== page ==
Sokolov commenced the recital with Beethoven’s youthful Piano Sonata in C major, Op.2 No.3. The distinctive “Sokolov” sound was immediately evident, marked by an unimaginably sweet tone. His variety in articulation and level of technical execution was unfailingly impressive. A reflective yet dramatic account was given for the second movement – conveying the purest serenity in the beginning and frustration, fury and struggle in the midst. In the finale full of verve, Sokolov conjured up a kaleidoscope of orchestral colours, complemented with a silky legato and immaculately shaped runs, bringing the music to a triumphant conclusion.
Like his recital in Helsinki last year, Sokolov seemed to prefer no interruptions between pieces. After a very brief bow prompted by ebullient applause from the crowd, he proceeded to Beethoven’s Eleven Bagatelles, Op.119, each representing a unique emotional world coupled with some luscious moments. Each miniature sprang to life under his hands – No.5 (Risoluto) rendered as a spirited march, No.9 (Vivace moderato) characterised as an attractive folk dance.
Sokolov presented Brahms’ Klavierstücke Op.118 and Op.119 as the second half of the programme, which could be regarded as a microcosm of Brahms’ emotional world. Highly expressive, each encapsulates an imagery masterfully created by Brahms, and the bittersweetness and the complex constellation of emotions in the music was, of course, eloquently expressed by Sokolov.
Talking about Op.118, the second Intermezzo in A major – probably the most commonly performed piece by Brahms – was taken at a relatively brisk pace. Sokolov avoided over-indulgence by not “throwing” a lot of sugar into the music and simply let the music speak for itself. This perhaps reflected his conception of love – something everlasting, eternal and not impetuous. Such tender love! A colossal sound was conjured from the Steinway in the subsequent pieces. In the last Intermezzo of the set, the music was impregnated with a haunting fear of death.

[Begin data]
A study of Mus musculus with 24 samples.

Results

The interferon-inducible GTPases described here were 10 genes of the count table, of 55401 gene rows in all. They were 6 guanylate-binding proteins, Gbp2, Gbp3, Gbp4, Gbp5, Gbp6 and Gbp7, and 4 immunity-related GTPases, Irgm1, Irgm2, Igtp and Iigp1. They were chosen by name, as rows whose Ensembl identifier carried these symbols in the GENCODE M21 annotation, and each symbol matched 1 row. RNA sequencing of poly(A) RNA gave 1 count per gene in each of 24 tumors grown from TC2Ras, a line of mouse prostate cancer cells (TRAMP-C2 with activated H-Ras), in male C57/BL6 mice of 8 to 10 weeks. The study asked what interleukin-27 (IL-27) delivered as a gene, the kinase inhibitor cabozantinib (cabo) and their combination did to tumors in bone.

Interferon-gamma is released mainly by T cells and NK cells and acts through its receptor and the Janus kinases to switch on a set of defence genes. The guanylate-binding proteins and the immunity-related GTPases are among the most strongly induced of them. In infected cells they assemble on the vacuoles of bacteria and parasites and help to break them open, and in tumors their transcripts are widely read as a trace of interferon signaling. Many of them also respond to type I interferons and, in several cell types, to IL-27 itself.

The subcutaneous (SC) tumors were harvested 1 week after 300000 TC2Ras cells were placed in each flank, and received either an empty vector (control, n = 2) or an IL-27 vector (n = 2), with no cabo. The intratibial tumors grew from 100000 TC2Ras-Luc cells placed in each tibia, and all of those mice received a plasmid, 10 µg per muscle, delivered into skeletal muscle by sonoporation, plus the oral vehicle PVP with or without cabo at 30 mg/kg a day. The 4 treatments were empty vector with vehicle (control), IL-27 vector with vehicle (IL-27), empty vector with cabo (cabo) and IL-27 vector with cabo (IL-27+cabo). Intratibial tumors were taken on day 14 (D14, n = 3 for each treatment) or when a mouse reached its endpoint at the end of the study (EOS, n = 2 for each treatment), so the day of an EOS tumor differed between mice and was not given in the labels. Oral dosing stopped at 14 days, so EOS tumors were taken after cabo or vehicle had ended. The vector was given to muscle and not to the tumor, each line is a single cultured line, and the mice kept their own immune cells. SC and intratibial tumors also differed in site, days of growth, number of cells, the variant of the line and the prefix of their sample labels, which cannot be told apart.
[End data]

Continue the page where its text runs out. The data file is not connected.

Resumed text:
In the next opus, Sokolov continued the emotional journey with a delicious presentation of each work. There was a kind of fragile, crystalline beauty in the central waltz section of No.2, a pleasing balance between passion and lyricality in No.3. The final Rhapsodie had the defiance, exuberance and power that it requires, ending the programme on a high note.
With thunderous applause from an enthusiastic audience, Sokolov generously offered six encores and cast a spell on the crowd while he was completely dissolved into the music. Schubert Impromptu Op.142 No.2 was as lyrical and poetic as in my last encounter in Helsinki last year, which contained intense yearning for love and remembrance. After Rameau’s virtuosic Les Sauvages and Le Rappel des Oiseaux, which demanded much dexterity, it came to Brahms’ Intermezzo Op.117 No.2 and Rachmaninoff’s Prelude Op.32 No.12. The Rachmaninoff piece was particularly absorbing with such expressivity – which its sense of longing and nostalgia was directly transmitted to the listeners. The last precious offering was Debussy’s Prelude Book 1 No.6, Des pas sur la neige, which brought the evening to a peaceful end.
Contrasting to his stage demeanour, Sokolov always shows a welcoming and more-than- courteous smile at backstage where admirers line up to pay their respects. Instead of performing merely for himself or for the audience, Sokolov plays for the sake of making music and sharing his love for every composition he performs. His playing is completely devoid of histrionics or anything superficial. There is only pure music in his playing and it is the sincerity that makes his playing so touching. The love and humanity in his music heals souls in the times of darkness and turmoil — as Amor vincit omnia.